To Work With A Collaborative Team Teaching (CTT) Partner Judi Fenton
You may have heard it said that being
a member of a collaborative team teaching pair is like
being in a marriage. Like marriages, there are good
matches and bad ones. The teams I work offer the following
You will need to create a sacred time to plan together.
Come in early one day a week to plan for the next week
together. Decide who will teach what to which students,
how you will group your students, who will take the
lead in whole-group instruction for each lesson and
what the other teacher will do at that time, etc. Share
the planning and researching burden!
Discuss discipline styles:
We all have different ways of maintaining an orderly
classroom. Discuss your styles and make a pact to back
each other up even if you disagree in the moment. Like
parenting, members of the team must work to present
a united front so that our students don’t play
one of us off the other.
Know your own style:
Before you enter a CTT relationship, you should decide
if you really want to be there. If you are a teacher
who enjoys making all the decisions yourself, then perhaps
sharing a classroom is not the best choice for you.
Examine your motives and understand that it’s
not easier just because there are two teachers in the
classroom—it’s harder since working with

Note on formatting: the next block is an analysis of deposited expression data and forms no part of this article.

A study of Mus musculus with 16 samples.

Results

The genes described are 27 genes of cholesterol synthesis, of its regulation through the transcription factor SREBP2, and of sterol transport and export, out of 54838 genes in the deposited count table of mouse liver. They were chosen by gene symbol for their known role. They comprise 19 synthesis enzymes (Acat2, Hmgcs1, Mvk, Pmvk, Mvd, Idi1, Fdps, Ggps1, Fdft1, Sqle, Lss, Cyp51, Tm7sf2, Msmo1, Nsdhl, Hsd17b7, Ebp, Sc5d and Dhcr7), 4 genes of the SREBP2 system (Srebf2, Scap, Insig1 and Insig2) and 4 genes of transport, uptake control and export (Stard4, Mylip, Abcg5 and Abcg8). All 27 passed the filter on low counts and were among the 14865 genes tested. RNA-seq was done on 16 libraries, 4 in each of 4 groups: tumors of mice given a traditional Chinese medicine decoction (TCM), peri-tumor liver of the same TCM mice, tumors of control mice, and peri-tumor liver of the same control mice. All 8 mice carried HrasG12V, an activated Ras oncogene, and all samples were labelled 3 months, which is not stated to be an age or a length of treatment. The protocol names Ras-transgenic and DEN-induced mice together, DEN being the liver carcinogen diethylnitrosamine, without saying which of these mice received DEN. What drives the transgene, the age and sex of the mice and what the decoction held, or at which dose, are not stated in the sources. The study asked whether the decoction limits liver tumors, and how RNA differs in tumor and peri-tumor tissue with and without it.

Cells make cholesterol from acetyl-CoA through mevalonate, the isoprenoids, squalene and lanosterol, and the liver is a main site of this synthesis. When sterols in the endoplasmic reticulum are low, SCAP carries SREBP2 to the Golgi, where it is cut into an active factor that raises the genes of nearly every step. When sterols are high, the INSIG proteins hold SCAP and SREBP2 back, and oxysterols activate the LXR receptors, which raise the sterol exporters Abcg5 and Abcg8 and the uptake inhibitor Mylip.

another teacher is an added responsibility.
Communicate and reflect:
Communication with one another always! Keep those lines
of communication open. Just as you have a sacred time
to plan together, identify time during the school day
to reflect together on how your relationship is progressing.
Make it OK to have the difficult conversations about
working together—who is stepping on whose toes,
who gave the students a different message, who decided
unilaterally to change the plan at the last moment,
and how this made you both feel.
Sharing a classroom with another teacher is hard. Unfortunately
teachers aren’t taught to work collaboratively
and too often CTT teachers are thrown into a classroom
together and are expected to make it work without any
guidance. You can make the year more productive and
pleasant for yourself, your partner, and your students
if you communicate with your partner, plan together,
and reflect about your own teaching style.